An Acute Bout of Self Myofascial Release Increases Range of Motion Without a Subsequent Decrease in Muscle Activation or Force.
This research article on self myofascial release, specifically on the use of foam rollers, is one of the first to study the effectiveness of foam rollers on ROM and strength. Many therapists and strength coaches use foam rollers in their daily treatments or workouts but little evidence has proven its effectiveness. This study had a small sample size (11) but did show increases in ROM at 2 mins and 10 mins following foam rolling. At 2 mins flexibility was increased by 12.7% and at 10 mins flexibility was increased by 10.3%. Additionally, foam rolling did not decrease voluntary muscle activation. This is important to note because static stretching and massage have been shown to decrease force production.
Obviously there needs to be more studies with larger sample sizes but this begins to give some credibility to foam rolling. Many trainers and therapists swear by foam rolling for multiple different reasons and now there is some evidence behind it.
Scapula positioning has been considered a very important component of a competent shoulder examination. Assessing scapula positioning can tell us about possible decrease in the subacromial space depending if the scapula is anteriorly tilted at rest, for example. However, when dealing with overhead athletes, is scapula positioning ever "normal"? This study, from the Manual Therapy Journal, aimed to look at the reliability of assessing side to side comparisons of scapula positioning in healthy, young adults.
What the study produced was that the scapula on the dominant shoulder showed greater retraction(P<0.001; (p)=.68) and upward rotation(P<0.001; (p)=.70) at the three resting positions in the study (rest, hands on hips, 90 degrees of shoulder abduction with IR). However, the interesting part was during shoulder abduction from rest to 90 degrees, retraction, upward rotation, and posterior tilting were similar bilaterally. This raises the question: With our overhead athletes who typically have different resting positions of their scapulaes, how much do we try to change?
Now, we also have to take into account this study sample was relatively small (14) and that previous studies have suggested that scapula positioning is extremely important (see Reinold, 2009 for example), but it is something that we should ponder. When assessing our overhead athletes do we know if there was scapula dyskinesias before injury or was that their normal positioning due to their dominant arm?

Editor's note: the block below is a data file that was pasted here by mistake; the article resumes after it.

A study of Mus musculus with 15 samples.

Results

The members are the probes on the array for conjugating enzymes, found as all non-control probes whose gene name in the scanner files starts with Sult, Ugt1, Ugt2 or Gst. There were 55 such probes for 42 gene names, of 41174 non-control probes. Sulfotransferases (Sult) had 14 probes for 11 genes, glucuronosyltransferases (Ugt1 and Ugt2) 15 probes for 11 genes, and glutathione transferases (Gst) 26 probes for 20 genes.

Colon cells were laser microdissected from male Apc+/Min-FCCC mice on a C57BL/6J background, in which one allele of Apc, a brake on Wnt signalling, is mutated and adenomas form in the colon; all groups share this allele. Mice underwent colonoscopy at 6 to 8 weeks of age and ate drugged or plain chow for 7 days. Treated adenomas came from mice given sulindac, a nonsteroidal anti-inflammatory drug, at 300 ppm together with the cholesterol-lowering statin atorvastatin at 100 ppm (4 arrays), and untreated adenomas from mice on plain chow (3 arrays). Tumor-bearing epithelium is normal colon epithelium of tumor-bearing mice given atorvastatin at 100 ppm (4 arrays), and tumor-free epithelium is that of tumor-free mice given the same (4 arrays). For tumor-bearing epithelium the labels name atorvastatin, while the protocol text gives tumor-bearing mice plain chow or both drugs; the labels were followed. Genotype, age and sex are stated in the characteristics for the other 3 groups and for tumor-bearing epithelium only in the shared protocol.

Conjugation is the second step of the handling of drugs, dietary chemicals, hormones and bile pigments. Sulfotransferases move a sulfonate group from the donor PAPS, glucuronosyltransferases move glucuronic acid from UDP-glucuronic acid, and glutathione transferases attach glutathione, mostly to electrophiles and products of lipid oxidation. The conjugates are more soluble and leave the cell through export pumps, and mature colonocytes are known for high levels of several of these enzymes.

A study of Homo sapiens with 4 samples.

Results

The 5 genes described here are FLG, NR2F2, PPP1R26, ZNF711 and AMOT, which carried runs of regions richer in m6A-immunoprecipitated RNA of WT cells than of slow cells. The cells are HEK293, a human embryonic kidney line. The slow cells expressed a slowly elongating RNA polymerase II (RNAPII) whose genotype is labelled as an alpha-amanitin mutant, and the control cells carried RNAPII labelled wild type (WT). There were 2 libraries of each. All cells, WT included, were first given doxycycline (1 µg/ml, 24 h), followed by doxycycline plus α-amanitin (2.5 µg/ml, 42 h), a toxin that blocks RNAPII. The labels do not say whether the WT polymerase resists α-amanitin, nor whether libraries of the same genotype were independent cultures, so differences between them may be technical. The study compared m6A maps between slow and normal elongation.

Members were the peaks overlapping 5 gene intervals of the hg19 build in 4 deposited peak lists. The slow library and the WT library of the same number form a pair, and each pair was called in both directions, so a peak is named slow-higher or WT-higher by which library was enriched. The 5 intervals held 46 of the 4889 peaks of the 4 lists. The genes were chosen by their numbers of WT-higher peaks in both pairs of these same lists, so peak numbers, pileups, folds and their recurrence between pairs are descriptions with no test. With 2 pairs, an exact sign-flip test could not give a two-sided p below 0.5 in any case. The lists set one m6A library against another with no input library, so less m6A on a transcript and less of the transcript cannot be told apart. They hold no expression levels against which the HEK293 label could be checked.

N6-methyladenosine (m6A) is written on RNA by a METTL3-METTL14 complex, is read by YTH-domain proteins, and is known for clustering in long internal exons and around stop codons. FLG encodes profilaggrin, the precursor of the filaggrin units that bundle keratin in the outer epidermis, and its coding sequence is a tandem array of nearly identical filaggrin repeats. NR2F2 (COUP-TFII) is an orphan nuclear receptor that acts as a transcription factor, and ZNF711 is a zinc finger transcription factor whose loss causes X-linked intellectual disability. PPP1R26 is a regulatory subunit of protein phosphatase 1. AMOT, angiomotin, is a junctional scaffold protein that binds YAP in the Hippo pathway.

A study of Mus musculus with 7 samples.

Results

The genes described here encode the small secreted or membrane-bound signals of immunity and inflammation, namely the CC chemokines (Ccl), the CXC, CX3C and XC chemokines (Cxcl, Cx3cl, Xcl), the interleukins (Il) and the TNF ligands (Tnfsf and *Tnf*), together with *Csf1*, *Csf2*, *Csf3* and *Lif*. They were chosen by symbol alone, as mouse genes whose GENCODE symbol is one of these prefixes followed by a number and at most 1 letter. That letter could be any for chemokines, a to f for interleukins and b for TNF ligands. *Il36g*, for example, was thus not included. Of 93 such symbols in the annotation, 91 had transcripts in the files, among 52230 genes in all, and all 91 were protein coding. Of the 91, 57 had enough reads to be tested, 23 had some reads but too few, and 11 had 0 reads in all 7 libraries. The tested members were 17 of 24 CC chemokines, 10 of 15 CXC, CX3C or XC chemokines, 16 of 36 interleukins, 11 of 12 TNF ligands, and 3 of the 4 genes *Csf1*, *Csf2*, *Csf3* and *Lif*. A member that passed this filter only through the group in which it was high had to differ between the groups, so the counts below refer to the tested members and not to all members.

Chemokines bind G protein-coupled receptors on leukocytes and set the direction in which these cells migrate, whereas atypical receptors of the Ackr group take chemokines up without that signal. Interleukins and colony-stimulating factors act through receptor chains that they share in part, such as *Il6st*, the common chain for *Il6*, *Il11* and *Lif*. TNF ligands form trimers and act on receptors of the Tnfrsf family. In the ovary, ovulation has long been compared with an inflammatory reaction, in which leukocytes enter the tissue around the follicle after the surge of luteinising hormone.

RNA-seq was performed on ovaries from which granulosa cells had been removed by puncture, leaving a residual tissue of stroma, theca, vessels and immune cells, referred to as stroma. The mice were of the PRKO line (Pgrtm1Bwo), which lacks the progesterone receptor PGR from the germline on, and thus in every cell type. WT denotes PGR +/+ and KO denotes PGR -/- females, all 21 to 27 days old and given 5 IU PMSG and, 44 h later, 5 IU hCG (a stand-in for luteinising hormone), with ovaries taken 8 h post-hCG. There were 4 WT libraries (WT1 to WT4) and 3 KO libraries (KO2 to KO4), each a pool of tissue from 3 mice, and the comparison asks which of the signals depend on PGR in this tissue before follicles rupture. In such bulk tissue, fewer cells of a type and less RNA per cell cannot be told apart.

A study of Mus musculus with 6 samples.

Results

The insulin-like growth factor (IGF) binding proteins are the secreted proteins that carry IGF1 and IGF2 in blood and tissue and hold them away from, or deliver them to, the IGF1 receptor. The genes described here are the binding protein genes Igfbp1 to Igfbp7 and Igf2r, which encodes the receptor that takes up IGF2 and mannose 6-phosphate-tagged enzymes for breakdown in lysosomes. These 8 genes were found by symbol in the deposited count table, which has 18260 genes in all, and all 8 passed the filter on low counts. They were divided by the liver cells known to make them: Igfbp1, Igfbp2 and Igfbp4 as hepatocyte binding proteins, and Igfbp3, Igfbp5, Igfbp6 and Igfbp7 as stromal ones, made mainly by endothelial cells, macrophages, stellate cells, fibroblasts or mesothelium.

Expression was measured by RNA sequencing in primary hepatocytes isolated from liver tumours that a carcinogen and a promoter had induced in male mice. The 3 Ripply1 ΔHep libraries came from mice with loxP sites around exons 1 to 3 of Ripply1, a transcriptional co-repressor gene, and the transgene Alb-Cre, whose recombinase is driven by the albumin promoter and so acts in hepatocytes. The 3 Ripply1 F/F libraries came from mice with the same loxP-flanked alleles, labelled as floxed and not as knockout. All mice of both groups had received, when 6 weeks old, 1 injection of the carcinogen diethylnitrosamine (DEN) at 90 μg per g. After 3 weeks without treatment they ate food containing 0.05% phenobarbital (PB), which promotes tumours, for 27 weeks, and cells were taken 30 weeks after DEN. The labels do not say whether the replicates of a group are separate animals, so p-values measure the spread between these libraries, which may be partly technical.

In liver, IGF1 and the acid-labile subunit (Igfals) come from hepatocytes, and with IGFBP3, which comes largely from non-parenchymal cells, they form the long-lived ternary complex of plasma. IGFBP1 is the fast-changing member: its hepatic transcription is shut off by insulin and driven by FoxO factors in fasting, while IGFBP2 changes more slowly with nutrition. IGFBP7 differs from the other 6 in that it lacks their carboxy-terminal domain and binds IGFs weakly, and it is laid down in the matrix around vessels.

Any thoughts? Any experiences? Feel free to comment below.
Patellofemoral Pain Syndrome has been a topic of debate for some time now. With limited diagnostic evidence, clinicians don't have much to go off of for definitively ruling in PFP. More often than not, clinicians use a long subjective history and ruling out other pathologies to aid in their diagnosis of PFP.
PFP has two primary contributors: increased reaction force and decreased contact area. Goodfellow & Hungerford ('76) described the PFP mechanism as: patellar malalignment----reduced contact area/uneven distribution of PFJRF----increased PFJ stress/articular cartilage degeneration-----subchondral bone subjected to abnormal stress.
Fulkerson (2002) described the assumed relationships of PFP mechanism. The 6 structures that were possible pain generators: subchondral bone, retinaculum, synovial lining, muscle, nerve, skin. In 1976, subchondral bone was considered the main source of pain, and in 2002 it was still considered the primary source of pain.
The hypotheses of biomechanical reasons for PFP consider both structural malalignment (ex: femoral anterversion) and dynamic malalignment. There are two theories for the dynamic malalignment.
Theory 1: Patella moving within trochlear groove. The potential lateral displacement and/or tilt of the patella especially during terminal extension and therefore pain is potentially generated by inappropriate tracking during functional movements. Theory 2: Femoral movement under the patella--tibiofemoral rotation (transverse plane) (Power 2003, Lee 2003, Wilson & Davis 2008, Bolga 2008, Souza 2009).
All of this brings up the question of whether certain running mechanics can contribute to PFP. This study prospectively looks at female runners for 2 years, tracking them for injuries after studying their gait. The results of the study confirmed significant hip adduction was found in those who developed PFP. Hip internal rotation angle and rearfoot eversion were not found to be significantly different. What we can take away from this study is that those who develop PFP can have altered hip neuromuscular mechanics and therefore we need to consciously work on correcting that during treatment or before injury.
For those of you who have read Movement, you have probably read chapter 15 where Gray Cook discusses his 10 movement principles. Gray has started a blog on these 10 movement principles in more detail to clarify and add to what he had in his book. So far he has spoken about the first 5 movement principles. I encourage you to read up/listen to his points thus far and continue to as he posts the rest of the principles each Tuesday. Whether you believe in his philosophy or not, hopefully it can give you a new idea or a different way to look at movement and injury.
1. Seperate painful movement patterns from dysfunctional movement patterns whenever possible to create clarity and perspective.
2. The starting point for movement learning is a reproducible movement baseline.
Movement learning and re-learning has hierarchies that are fundamental to the development of perception and behavior.